This website is called “What Makes Me”. There are three different sections: What Makes Me, What Makes You, What Makes Us. Each person claims a cube, a cleverly designed multimedia enabled object online and they decorate it with their images, video, and audio files. Each one is very different. The first twelve entries talk about why each individual loves a certain art form or forms - whether it be dance, circus arts, graffiti or something else. All of them are touching and told from the heart. There’s a retired nurse that found out her next door neighbor was a circus performer and has since fallen in love with the circus. There’s a professional rugby driver who drives around looking at the graffiti all over the city. There’s a professional cook who while catering a party, discovered dance for the first time and has since developed a personal relationship with the choreographer.
The common thread that runs between most of these testimonials is the personal connection built with a specific artist or the arts in their neighborhood. It’s about relationships, rather than facilities, and community as the key to these relationships.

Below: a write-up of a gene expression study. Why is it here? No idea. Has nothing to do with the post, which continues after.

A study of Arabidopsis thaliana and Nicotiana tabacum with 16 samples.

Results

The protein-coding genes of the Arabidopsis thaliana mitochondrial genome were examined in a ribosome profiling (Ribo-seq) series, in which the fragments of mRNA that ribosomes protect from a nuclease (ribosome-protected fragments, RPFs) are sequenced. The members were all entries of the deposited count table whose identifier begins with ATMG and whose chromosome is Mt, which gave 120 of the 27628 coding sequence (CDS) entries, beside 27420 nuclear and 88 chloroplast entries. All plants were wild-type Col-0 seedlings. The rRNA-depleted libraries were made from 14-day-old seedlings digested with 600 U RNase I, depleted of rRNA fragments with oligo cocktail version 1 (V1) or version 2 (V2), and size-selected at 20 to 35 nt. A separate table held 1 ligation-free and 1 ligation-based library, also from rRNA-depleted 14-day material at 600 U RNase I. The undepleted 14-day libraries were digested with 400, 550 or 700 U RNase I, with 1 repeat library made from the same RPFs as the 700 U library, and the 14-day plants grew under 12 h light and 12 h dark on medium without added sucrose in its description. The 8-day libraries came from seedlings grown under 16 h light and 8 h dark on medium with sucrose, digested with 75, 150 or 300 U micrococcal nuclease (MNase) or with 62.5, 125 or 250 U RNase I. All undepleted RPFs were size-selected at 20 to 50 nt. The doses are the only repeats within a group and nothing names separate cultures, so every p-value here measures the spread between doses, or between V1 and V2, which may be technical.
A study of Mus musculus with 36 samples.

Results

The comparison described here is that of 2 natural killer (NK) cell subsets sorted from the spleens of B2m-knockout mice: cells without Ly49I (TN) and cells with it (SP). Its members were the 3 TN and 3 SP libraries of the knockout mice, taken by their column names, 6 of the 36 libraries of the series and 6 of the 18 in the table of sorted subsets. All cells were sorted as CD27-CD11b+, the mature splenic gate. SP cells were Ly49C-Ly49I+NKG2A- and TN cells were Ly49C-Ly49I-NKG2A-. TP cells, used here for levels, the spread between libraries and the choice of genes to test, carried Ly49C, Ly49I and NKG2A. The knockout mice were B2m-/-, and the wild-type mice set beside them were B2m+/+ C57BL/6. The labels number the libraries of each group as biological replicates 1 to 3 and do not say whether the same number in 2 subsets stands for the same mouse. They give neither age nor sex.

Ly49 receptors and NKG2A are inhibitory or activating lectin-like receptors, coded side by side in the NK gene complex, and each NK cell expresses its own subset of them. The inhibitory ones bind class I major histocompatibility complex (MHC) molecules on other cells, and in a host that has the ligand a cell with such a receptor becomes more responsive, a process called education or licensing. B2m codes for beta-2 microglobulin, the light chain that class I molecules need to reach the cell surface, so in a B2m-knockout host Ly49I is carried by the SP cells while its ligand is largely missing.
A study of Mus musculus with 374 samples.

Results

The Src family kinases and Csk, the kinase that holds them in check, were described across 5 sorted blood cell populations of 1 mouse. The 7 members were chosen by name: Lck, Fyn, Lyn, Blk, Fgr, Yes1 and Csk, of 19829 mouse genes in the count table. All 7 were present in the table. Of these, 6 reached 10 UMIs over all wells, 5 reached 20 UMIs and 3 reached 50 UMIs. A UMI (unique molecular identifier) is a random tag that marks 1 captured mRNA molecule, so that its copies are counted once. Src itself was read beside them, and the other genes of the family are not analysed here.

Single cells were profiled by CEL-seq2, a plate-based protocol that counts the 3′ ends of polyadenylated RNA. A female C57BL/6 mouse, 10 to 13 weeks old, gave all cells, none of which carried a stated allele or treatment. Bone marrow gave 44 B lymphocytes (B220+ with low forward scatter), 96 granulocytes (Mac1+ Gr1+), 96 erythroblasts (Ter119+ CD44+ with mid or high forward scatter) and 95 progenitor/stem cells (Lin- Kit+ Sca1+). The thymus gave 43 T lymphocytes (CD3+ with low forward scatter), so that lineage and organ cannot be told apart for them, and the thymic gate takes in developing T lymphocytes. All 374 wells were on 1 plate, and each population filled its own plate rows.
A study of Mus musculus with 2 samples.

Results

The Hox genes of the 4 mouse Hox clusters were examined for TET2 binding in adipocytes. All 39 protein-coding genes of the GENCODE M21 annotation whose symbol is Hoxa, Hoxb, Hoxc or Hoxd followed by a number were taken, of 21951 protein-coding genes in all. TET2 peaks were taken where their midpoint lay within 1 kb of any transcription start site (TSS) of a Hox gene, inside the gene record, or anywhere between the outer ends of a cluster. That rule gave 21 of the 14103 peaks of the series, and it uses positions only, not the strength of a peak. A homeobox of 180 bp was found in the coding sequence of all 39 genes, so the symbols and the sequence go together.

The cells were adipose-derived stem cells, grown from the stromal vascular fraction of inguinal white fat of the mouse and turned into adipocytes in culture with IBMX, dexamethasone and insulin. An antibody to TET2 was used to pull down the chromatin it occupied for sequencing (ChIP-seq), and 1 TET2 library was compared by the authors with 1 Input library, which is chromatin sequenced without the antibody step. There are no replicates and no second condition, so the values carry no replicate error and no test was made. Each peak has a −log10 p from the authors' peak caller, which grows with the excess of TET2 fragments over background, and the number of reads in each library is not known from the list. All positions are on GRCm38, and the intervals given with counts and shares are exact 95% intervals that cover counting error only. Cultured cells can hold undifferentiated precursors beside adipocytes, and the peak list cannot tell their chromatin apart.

The idea around this project was to counteract the perception that the arts in Australia are “associated with images of snobbery and inaccessibility”. The project is run by a company called Wanted Digital and initiated by the Australia Council for the Arts. The participants of What Makes Me are cooperating to build something together- it’s a game. A game that is getting the attention of philanthropic organizations in the US. Wolf Brown recently used this interactive project as an example of participation in the arts in their recent study commissioned by the Jame Irvine Foundation “Getting In On the Act - How arts groups are getting opportunities for active participation”.
What Makes Me is worth taking a second look at. The project engenders enthusiasm that isn’t created from simply being a spectator. Anyone in Australia can be a part of it and there is a hefty presence on the site from diverse populations with Aboriginal people, the disabled, and immigrant communities being well represented. Participants post links to their cube, to their facebook, to their twitter, to other social media sites. The individual act of creation combined with the community have a ground swell effect and foster even deeper love for individual artists and the arts contributions to the community.